New documents reveal WWII may have started in Silesia and NOT Westerplatte or Wieluń
Never before seen documents have raised questions about where and when WWII really started by suggesting that Hitler’s first attack may have been in Silesia rather than Westerplatte or Wieluń.
Discovered by history researcher Tomasz Muskus in the archives of the Polish Institute and Sikorski Museum in London, the two deciphered telegrams show reports by Polish army units that the German army had crossed the Polish border on the outskirts of Rybnik alongside a large group of German tanks.
Traditionally, the starting point of WWII is considered to be when the German Schleswig-Holstein battleship opened fire on a Polish base at Westerplatte in Gdansk at 4.45am on the 1st of September 1939.
A second key moment is often seen as the earlier bombardment of Wieluń, estimated to have taken place at 4.40am.
But the newly discovered telegrams reveal that the German army was already present on the outskirts of Rybnik in Silesia just after 3am.
In the first telegram sent at 7.32 am, bearing the signature A II 9/21, Lieutenant Colonel Zdon from the II division of the Kraków Army wrote: "On the direct outskirts of Rybnik, the contact of our units with the enemy was detected around 3.14am, 30 tanks."
In the second telegram, this time from Kraków to the headquarters of the General Staff of the Polish Armed Forces in Warsaw at 1.15am on the 2nd of September, a summary of current war operations stated: "On the 1st...at dawn in the hours between 3.30-5.00 the enemy crossed the borders of Poland."
Muskus, who shared the news of his discovery on social media, alongside photos of the documents, wrote: "Ladies and Gentlemen, during my last visit at the Polish Institute and Sikorski Museum in London, I made an incredible discovery, which definitely and without a doubt is evidence for the fact that the Second World War did not begin in Wieluń or Westerplatte (as has previously been said and taught) but in an altogether different part of Poland. Specifically the Western Borderlands, and even more precisely, Rybnik."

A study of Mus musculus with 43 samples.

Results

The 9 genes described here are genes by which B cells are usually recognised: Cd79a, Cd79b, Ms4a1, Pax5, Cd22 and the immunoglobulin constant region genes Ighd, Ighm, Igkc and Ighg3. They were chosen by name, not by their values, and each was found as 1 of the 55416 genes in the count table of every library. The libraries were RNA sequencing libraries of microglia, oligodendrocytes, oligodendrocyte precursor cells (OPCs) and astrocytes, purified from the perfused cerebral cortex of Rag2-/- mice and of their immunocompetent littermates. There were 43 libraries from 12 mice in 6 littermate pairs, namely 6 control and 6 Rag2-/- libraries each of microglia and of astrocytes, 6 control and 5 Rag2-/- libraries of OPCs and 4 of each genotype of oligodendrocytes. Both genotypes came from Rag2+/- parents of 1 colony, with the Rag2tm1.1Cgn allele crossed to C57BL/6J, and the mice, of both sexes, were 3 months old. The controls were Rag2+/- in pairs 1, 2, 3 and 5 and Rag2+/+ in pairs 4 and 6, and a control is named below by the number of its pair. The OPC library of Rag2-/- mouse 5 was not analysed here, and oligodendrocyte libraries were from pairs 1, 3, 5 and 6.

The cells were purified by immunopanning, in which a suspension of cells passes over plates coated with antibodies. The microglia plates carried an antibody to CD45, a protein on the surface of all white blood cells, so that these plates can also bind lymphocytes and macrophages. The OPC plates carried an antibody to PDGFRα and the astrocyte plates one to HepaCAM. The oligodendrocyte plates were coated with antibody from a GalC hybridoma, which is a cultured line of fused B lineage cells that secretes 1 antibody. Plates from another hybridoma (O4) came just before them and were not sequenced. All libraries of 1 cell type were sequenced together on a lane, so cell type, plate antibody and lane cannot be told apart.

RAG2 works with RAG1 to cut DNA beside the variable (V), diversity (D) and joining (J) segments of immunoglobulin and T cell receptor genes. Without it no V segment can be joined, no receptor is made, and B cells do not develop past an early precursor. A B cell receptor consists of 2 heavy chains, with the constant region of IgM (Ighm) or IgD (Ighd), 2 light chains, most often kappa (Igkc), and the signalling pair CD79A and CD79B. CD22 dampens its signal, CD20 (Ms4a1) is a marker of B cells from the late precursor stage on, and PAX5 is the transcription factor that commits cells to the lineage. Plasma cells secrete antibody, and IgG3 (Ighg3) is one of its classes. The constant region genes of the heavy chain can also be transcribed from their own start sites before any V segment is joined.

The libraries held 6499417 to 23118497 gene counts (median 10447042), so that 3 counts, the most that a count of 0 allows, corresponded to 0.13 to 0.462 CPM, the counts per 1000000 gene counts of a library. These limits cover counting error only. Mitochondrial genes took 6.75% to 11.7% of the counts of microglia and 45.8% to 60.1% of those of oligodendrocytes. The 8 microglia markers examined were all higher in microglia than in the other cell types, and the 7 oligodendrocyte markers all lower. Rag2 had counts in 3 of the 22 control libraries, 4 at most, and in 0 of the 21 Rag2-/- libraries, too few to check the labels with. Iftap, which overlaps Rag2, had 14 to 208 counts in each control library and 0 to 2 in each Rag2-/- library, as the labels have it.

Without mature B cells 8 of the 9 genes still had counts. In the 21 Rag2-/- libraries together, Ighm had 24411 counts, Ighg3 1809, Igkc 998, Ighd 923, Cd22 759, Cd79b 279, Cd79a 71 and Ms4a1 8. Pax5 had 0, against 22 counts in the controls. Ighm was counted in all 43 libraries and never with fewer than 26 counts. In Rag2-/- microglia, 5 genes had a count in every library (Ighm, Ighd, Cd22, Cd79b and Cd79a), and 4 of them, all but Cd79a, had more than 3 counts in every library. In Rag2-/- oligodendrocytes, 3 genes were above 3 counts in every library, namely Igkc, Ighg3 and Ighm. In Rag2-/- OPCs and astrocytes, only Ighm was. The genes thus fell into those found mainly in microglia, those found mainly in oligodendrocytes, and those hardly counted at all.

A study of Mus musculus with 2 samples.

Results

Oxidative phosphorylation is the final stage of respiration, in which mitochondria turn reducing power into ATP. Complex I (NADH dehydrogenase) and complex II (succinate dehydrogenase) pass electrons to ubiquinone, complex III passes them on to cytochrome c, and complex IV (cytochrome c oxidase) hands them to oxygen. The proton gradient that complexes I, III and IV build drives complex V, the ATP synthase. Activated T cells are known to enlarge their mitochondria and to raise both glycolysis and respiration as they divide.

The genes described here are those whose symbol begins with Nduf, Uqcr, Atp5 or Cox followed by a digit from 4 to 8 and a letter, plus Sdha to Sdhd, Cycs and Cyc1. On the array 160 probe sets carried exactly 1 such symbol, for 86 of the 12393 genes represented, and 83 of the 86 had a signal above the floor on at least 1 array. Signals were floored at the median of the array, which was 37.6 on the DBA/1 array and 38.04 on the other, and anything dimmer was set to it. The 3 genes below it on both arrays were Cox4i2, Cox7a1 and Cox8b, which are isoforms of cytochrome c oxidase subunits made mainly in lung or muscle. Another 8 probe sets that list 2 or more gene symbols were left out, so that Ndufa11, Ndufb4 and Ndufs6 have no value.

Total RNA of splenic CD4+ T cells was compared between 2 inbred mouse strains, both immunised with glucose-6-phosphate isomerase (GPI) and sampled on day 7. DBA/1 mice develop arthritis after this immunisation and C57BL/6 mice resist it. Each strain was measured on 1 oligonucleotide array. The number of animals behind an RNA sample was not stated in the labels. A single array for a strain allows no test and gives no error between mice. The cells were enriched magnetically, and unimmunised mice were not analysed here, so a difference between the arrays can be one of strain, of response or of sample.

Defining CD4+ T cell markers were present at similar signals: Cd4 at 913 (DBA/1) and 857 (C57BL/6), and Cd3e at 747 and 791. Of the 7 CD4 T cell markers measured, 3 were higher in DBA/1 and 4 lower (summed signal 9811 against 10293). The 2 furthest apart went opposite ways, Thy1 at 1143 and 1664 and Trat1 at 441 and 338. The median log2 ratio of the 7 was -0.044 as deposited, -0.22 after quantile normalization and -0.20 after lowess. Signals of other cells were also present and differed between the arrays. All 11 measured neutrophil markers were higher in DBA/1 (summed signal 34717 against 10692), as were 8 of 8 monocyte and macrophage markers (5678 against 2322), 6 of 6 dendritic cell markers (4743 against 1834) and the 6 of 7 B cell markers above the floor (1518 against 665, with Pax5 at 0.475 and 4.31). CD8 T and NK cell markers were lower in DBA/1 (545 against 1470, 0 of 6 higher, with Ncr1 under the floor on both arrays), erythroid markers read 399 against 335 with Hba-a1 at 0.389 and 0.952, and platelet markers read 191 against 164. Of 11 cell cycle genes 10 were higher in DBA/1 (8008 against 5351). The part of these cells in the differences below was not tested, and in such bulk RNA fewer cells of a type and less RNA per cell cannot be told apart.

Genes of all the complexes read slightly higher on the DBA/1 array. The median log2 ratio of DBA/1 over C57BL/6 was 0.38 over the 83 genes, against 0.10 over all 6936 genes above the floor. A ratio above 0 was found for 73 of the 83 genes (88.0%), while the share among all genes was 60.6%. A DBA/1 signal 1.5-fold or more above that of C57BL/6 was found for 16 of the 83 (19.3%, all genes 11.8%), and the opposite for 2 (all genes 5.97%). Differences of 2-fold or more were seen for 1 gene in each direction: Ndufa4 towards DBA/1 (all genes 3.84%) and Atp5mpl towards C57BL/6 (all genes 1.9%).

Speaking to TFN, Muskus said that the German attack near Rybnik was resisted by the "Rybnik" and "Wodzislaw" army units, but that the main aim of the Germans was a confrontation with the "Kraków" army.
There is already documentary evidence of German provocations on the night between the 31st August and the 1st of September near Rybnik, when dressed in Polish military uniform, members of the SS carried out an attack on a customs office in the village of Stodoły.
It is not the first time the start and location of WWII has been disputed and historians are in no doubt that battles between the German and Polish army began in many Polish border towns already around 04.00, however the discovered telegrams suggest an even earlier starting time at just after 3am.
Historian Dawid Włodkowski who previously questioned the start of WWII has also suggested Rybnik as a key point of the first battles, placing the German army there even earlier.
In an article published in the weekly magazine Przegląd, he said that at 1.55am Commander Bacz of the Silesian Division of the Border Force sent a telephonogram to the commander of the 23rd infantry division, informing them that large German forces had crossed the border of Poland near Rybnik.
He added that five minutes later a Polish border outpost in nearby Sumin was attacked by German machine gun fire.
Włodkowski has also previously recalled the memories of former Polish prime Minister Felicjan Sławoja-Składkowski who reportedly said that on the 1st of September at 4.30am, 10 minutes before the bombardment of Wieluń, he received information from the mayor of Poznań about an air attack on Ostrów Wielkopolski and Poznań.
At the same time, the mayor of Kraków, Józef Tymiński informed him that he had seen German bombers above Kraków.